The short story titled "Emperor of the Air", by Ethan Canin is a very easy to understand narration. It is puzzling to think that such a young writer would have such great insight into the world of an older man, but he most definitely does and it is portrayed through the eyes of the narrator. But the story isn't about just the narrator, it is really about the differences between the narrator and Mr. Pike, the younger, healthier, next door neighbor.
The Narrator experiences a heart attack that slows him down considerably. The Narrator is married and thinks about his wife Vera, who is nearly his age, but because she still has her health she has gone off for several weeks to hike the Appalachian Trail and gets to enjoy many other activities that he can't partake in. The fact that the Narrator is at home quite a bit gives him time to dwell on subjects that he might not have given so much attention to if he still had his health.
There is 250 year old elm tree that sits in the narrators front yard and it has become infested with insects. The tree is a representation of the Narrator because it is old and in danger of dying because of the infestation of insects. This is a lot like the Narrator whose health took a dive after his heart attack and is also in danger of dying if he allows his heart to race from strenuous activities. Mr. Pike wants to cut the tree down and says to the Narrator, "It's a shame, but I'll be frank: there's other trees on this block. I've got my own elms to think of." It doesn't seem like Mr. Pike wants to cut the tree down because he dislikes the Narrator but rather because he genuinely doesn't want the other trees to become infested with the insects.
At this point in the story we see the Narrator start to focus on the life of Mr. Pike and he seems to enjoy pointing out all of his flaws. In the story the Narrator describes Mr. Pike as a "thick and unpleasant man." He also says that "Mr. Pike is a poor craftsman, a man who values money over quality." The Narrator describes Mr. Pike as a poor craftsman because he owns part of a construction company and builds prefabricated houses. The difference in the two characters seems more to due with the times than with where they grew up or where they were born. Because the Narrator is an elderly man he is probably used to custom homes where only the finest quality products were used. If the Narrator were alive today he'd probably have another heart attack because the business of building homes has only become more streamlined and I'm certain that the builders don't always use the finest products.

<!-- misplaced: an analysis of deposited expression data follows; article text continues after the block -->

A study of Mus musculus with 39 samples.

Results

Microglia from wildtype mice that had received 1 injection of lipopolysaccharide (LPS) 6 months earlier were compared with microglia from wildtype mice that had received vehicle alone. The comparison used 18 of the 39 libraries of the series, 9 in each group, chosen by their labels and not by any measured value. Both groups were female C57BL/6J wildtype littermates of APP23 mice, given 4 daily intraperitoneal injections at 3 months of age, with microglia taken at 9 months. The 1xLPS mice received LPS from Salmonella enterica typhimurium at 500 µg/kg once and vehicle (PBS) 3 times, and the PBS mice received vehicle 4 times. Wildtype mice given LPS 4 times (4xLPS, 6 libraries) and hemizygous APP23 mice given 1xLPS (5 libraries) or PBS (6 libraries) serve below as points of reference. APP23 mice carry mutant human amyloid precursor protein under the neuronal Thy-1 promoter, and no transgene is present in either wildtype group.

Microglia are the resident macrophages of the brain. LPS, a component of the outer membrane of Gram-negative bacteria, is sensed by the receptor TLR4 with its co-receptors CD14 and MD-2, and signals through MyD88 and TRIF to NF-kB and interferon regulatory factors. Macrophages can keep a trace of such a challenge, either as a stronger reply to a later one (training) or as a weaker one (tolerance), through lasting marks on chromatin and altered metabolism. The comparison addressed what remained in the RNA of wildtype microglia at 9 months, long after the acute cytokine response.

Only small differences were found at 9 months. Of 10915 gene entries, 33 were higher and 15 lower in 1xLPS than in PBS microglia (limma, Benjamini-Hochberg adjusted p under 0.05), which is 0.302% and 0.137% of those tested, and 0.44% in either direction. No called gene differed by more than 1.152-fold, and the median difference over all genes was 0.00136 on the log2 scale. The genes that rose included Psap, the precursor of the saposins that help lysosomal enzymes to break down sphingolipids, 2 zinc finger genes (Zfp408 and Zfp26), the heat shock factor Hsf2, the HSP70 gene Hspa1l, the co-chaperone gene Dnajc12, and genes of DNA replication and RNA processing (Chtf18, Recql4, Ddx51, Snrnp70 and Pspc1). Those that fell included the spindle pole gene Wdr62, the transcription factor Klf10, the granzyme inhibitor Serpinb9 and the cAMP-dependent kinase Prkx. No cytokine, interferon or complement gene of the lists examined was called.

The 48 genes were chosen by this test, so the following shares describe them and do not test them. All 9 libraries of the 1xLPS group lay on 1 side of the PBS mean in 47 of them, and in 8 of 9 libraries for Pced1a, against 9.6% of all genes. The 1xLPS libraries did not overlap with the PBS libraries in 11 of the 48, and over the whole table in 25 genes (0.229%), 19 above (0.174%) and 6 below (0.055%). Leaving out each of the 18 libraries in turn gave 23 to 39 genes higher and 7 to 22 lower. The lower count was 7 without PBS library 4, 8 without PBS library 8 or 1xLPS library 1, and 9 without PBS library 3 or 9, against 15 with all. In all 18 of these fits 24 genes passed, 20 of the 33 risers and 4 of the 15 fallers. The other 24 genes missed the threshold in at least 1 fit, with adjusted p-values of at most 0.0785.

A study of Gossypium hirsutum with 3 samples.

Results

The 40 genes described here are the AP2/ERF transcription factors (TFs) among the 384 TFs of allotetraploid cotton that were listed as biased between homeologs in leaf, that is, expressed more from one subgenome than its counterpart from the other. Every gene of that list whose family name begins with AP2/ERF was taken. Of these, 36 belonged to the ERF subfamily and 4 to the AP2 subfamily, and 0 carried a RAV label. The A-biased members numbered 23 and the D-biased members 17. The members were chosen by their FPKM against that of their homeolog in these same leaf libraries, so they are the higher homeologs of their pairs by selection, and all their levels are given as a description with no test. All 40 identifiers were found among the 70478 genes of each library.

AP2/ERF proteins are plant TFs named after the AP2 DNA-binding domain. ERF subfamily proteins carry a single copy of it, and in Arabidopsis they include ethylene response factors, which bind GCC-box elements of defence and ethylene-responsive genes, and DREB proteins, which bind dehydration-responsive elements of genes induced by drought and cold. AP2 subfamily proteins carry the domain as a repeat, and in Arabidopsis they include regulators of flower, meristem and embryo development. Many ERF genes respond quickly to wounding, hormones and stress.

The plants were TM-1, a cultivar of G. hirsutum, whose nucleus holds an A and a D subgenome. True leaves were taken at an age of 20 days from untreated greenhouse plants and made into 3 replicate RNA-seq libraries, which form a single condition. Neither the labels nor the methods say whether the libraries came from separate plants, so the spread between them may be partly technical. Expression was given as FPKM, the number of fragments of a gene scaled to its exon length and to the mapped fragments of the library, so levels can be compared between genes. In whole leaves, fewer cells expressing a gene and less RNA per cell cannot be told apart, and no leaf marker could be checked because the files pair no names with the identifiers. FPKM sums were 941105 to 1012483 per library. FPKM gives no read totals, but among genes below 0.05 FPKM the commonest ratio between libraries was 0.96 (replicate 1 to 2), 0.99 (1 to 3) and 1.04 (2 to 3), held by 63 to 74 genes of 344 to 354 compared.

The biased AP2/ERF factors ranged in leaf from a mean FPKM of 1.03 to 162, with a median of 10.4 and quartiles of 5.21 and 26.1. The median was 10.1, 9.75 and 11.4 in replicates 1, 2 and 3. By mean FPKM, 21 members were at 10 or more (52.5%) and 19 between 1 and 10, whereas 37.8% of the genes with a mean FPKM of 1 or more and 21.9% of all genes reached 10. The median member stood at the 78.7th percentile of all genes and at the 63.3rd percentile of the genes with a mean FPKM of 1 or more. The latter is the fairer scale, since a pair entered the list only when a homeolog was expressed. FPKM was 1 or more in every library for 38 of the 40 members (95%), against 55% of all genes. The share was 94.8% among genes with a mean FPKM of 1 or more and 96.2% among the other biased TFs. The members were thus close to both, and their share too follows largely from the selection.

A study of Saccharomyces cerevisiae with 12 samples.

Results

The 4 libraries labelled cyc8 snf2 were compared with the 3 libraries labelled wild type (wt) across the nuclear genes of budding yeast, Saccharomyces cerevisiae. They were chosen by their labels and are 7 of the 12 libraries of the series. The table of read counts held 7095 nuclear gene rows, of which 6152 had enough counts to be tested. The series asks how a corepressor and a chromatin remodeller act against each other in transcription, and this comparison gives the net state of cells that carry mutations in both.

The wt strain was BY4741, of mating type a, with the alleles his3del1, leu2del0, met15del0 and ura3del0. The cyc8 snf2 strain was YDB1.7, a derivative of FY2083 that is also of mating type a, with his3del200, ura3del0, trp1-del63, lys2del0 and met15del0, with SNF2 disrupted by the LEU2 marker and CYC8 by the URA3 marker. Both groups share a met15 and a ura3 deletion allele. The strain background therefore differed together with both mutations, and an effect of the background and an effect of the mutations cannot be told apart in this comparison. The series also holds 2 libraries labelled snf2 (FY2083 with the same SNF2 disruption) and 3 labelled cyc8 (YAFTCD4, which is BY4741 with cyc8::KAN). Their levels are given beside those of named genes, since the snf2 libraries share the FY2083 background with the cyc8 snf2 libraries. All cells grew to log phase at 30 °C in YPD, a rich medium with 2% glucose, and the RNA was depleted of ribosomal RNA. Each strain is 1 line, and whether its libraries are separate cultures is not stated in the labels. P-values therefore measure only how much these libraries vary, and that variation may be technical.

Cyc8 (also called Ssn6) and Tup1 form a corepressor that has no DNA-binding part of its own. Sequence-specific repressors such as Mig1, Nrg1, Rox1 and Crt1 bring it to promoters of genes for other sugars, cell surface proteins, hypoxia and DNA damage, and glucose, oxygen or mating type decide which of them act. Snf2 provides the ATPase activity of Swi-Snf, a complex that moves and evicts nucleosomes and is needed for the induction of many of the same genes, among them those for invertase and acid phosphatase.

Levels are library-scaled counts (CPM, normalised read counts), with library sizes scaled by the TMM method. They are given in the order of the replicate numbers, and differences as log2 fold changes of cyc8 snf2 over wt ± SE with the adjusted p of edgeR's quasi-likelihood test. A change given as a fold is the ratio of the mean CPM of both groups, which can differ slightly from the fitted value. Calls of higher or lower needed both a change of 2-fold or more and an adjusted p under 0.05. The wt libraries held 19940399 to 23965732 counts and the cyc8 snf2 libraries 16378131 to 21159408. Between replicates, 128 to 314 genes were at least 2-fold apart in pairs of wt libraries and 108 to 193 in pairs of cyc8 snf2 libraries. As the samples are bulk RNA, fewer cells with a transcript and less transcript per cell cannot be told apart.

The Narrator stays awake at night trying to think of ways to prevent the cutting down of his beloved 250 year old elm tree. He calls the nursery to find out if the insects will kill the tree and when he is told that it's not certain that the insects will kill the tree that seems to give him some hope. The next day when Mr. Pike goes over the Narrators house to discuss the tree they quarrel over whether or not the tree could possibly fall and land on Mr. Pikes' house. At this point in the story the Narrator will say just about anything possible to keep his elm from being cut down when the truth is that he doesn't want the elm cut down because it's a representation of himself. A sick and elderly man whom wishes he were younger and more vibrant just like Mr. Pike is.
It's amazing at the lengths that the Narrator will go to, to try and keep his aging elm alive. While thinking to himself the Narrator says, "If Mr. Pike's trees were infested, they would still more than likely live, and he would no longer want mine chopped down." This is when the Narrator goes to the elm and collects a jar full of insects to bring over to Mr. Pikes' younger elms so that they to will become infested. The Narrator doesn't succeed in his mission to infest the neighbors' younger elms. Even though it seems like his mission is interrupted when Mr. Pike and his son wander into the back yard, the underlying truth is that the Narrator didn't want to do it any ways. It was just the Narrator giving himself a reason to not go through with it.
As the Narrator walked home that night, from Mr. Pikes' back yard he looked through one of Mr. Pikes' windows and saw him and his son sitting on the couch together, watching television. Mr. Pike was everything that the Narrator wanted to be, young and strong and he had a son at home that he could spend time with. That night after the Narrator got home he emptied his jar of insects and thought of asking his wife for a child even thought he knew that at his age it was not possible.
"Emperor Of The Air" is not a book about an aging elm, rather it is the story of one mans struggle with the aging process. It just so happens that his next store neighbor has much of what he wishes he had, such as his youth. This story left me wondering if this is how all elderly people start to feel at some point in their lives.